Four Tips to Avoid Purchasing a Fake Rolex

The chairman of the board of Heritage Management Services, Craig Duling possesses nearly four decades of experience in collecting antique pocket watches. He shares his passion for timepieces through the website HeritagePocketWatch.com, where he provides a variety of information. Craig Duling also helps consumers and fellow collectors identify fake brand pocket watches. The following tips can help you to avoid purchasing a fake Rolex Submariner.

1. Research the manufacturing process. Familiarizing yourself with the manufacturing process for an authentic Rolex can help you to identify fake watches by helping you spot inconsistencies and disparities. For instance, Rolex uses the highest grade of stainless steel and does not engrave its name and crown logo on the caseback.

2. Know your dealer. Get to know the dealer or seller you intend to purchase from and consider the ones that offer a guarantee of authenticity first. You can also conduct research on their reputation and experiences with past customers.

3. Avoid secondhand dealers. While you may find reputable dealers through secondhand platforms such as Craigslist or eBay, these platforms cannot take responsibility for fraudulent merchandise. While purchasing from a recognized dealer may cost more, it will also ensure that you receive an authentic timepiece.

4. Test water-resistance claims. Rolex tests all of its watches for water resistance up to 300 meters before putting them on the market, so feel free to conduct a test of your own watch if a dealer says it is waterproof. Manufacturers of fake Rolex watches will not take the time to test their products. Remember that a genuine Rolex is waterproof.

More tips from Mr. Duling can be found here.


Pocket Watch Dial pic

Pocket Watch Dial
Image: heritagepocketwatch.com

An accomplished San Francisco Bay Area business professional, Craig Duling maintains a passion for timepieces, which he explores through his website, heritagepocketwatch.com. On this site, Craig Duling explores a number of issues related to watch collecting and manufacturing, including the creation of dials.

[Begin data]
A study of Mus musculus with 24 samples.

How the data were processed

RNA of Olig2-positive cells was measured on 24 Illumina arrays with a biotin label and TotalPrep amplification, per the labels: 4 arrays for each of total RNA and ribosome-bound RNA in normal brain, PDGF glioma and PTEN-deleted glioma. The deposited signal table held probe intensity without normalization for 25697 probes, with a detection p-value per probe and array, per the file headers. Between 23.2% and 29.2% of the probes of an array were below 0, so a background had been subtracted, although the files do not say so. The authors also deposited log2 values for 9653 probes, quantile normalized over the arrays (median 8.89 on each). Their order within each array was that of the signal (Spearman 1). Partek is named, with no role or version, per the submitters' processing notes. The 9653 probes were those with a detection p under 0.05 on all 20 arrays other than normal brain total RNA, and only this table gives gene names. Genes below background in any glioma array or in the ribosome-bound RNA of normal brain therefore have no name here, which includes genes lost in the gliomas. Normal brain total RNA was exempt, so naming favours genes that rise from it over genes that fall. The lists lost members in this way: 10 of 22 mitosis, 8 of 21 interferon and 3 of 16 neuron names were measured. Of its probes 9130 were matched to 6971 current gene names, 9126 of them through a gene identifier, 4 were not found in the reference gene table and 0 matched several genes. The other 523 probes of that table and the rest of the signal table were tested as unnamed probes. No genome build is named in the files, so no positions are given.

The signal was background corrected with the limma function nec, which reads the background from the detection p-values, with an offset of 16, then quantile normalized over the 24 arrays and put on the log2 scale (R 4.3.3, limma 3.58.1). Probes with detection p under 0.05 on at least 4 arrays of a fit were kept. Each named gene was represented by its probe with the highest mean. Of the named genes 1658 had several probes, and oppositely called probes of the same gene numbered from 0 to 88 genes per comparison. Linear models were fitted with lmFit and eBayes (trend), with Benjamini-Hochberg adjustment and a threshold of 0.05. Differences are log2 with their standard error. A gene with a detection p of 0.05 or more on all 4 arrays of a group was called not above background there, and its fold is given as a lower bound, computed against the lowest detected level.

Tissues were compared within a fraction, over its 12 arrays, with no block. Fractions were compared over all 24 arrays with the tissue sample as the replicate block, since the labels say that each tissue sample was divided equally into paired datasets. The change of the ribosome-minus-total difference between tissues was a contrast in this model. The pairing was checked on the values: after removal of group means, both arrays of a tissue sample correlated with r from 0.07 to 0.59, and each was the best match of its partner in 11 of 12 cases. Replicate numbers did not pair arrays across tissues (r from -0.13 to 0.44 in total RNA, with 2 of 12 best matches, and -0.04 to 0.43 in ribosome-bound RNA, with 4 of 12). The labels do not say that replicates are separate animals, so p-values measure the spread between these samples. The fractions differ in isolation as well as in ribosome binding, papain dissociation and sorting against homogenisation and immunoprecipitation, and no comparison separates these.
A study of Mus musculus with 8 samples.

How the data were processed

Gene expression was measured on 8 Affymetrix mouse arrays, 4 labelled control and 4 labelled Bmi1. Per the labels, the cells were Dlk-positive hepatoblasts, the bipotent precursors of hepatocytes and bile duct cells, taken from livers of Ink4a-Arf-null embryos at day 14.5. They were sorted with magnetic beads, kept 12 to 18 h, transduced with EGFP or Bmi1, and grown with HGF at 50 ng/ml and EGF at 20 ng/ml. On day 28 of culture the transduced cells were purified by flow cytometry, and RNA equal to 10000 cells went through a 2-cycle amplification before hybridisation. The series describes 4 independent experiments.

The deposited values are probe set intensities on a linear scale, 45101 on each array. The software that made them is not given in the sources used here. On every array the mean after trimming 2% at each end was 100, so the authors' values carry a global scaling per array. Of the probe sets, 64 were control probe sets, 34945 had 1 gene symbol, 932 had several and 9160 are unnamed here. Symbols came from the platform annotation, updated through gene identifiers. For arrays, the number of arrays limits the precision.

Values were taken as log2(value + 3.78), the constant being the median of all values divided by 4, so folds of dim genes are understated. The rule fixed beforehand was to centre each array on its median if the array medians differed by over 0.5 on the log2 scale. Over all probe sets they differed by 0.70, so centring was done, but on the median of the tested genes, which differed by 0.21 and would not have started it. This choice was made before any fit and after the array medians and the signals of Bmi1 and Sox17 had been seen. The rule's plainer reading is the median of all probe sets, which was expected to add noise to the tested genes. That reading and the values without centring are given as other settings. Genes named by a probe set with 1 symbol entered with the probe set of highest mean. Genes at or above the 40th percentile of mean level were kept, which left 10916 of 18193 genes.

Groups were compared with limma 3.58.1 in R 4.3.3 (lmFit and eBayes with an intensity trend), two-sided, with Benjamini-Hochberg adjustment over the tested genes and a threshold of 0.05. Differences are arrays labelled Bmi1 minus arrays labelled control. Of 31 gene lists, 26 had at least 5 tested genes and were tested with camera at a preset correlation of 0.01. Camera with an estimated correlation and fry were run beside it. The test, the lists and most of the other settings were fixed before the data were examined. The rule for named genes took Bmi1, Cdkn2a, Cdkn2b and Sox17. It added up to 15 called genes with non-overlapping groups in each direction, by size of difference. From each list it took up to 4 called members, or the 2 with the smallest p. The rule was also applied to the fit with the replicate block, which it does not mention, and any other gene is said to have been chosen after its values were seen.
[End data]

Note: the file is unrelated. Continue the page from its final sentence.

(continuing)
Some watch dials start with a metal plate that is enameled on at least one side to improve overall rigidity. This enamel gives watch dials their characteristic glass-like look.

Often, watchmakers layer different sections of the dial by “sinking” – creating multiple enameled plates and soldering them together. Some companies save money by pressing a dial instead of sinking it. However, this process does not produce the same distinct transition layers.

Manufacturers may choose not to use enamel on watch dials at all. In addition to making a different fashion statement, these metal dials are more durable than enamel ones.

Patek Philippe – Unrivaled Maker of Luxury Timepieces

 

Patek Philippe pic

Patek Philippe
Image: pinterest.com

In addition to his professional responsibilities as the CEO of Heritage Management Services, Craig Duling is an antiquarian horologist. Through his website, heritagepocketwatch.com, Craig Duling shares information he has gleaned from over 40 years collecting rare timepieces. Patek Philippe crafted one of the impressive watches featured on heritagepocketwatch.com.

Patek Philippe stands as one of the most prestigious watchmakers in the world, as well as the world’s oldest independently owned watch manufacturer. The company was founded in 1839 by polish immigrant Antoni Patek, who was later joined by Adrien Philippe, a talented Frenchman who invented the keyless winding mechanism.

Widely recognized for its meticulous craftsmanship, Patek Philippe continues to make some of the finest timepieces in the world. The company makes all of its own watch components according to rigorous standards. Each year, Patek Philippe only manufactures about 40,000 watches. As a result, the timepieces are highly sought after and are often sold at auction for staggering amounts.

One watch, the Sky Moon Tourbillon men’s watch, has an estimated worth of $1.45 million. Patek Philippe’s most complicated model, the watch was introduced in 2001 and features 12 complications on two dials and has over 2,800 components and 242 jewels.